Carbon SteelDurability and cost are key issues when choosing a product. Installers of piping systems understand that choosing carbon steel is the greener option compared to other materials for it can greatly lower overheads by being more cost effective and durable. A principal advantage of fitting carbon steel is its anti-corrosive nature in closed-circuit systems.

To ensure the piping system is durable, the system should be commissioned, installed, handled and stored in accordance with the manufacturer’s guidelines to avoid issues in the future.

Keeping It Clean and Dry

Before fitting, always try to protect pipes from damage and dirt, or if possible, do not remove the original packaging. Try to avoid installing the pipes near stainless-steel as this may cause corrosion. As standard, always keep the pipes free from moisture and protect from the elements. The temperature should also be controlled and maintained above dew point. If the pipes are used for chilled liquid, always maintain a vapour barrier in areas where there is possible condensation.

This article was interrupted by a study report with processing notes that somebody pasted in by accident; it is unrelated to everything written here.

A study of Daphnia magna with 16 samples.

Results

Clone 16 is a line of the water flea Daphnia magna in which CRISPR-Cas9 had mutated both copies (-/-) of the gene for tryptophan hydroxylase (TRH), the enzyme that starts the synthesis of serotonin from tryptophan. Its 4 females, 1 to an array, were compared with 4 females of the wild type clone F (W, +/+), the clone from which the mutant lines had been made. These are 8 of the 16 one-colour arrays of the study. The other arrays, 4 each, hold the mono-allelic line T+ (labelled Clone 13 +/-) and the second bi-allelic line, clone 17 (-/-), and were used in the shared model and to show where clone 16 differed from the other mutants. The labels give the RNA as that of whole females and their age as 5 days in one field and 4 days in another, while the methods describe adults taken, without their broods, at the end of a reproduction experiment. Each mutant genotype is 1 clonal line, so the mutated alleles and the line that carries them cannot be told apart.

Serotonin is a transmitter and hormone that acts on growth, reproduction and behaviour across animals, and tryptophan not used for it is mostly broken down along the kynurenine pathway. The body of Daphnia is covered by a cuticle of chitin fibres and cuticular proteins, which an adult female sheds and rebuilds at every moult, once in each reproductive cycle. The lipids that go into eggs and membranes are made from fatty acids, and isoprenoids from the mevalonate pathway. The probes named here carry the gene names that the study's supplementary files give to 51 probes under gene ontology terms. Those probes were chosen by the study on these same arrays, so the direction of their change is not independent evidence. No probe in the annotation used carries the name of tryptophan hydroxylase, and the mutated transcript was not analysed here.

Some carbon steel pipes have a plastic coating, which means it won’t need additional protection besides the pipe ends and uncovered fittings.

Keep It Oxygen Free

Corrosion is likely to occur if there is oxygen in the circuit, especially in concentrations in excess of 0.1 g/m3. This will likely occur in automatic air vent valves, screw connections or compression glands if the heating system has negative pressure. When supplementing and filling with water, the chances of corrosion damage are lesser because the measure of oxygen will be very low.

Proper Commissioning

When there is water and residual oxygen present in the pipework, it will start to corrode and become almost impossible to stop.

By following the guideline of manufacturers, carbon steel is an eco-friendly, long-lasting and lower-cost (for pressed pipes) alternative, making it a popular choice compared with its competitors.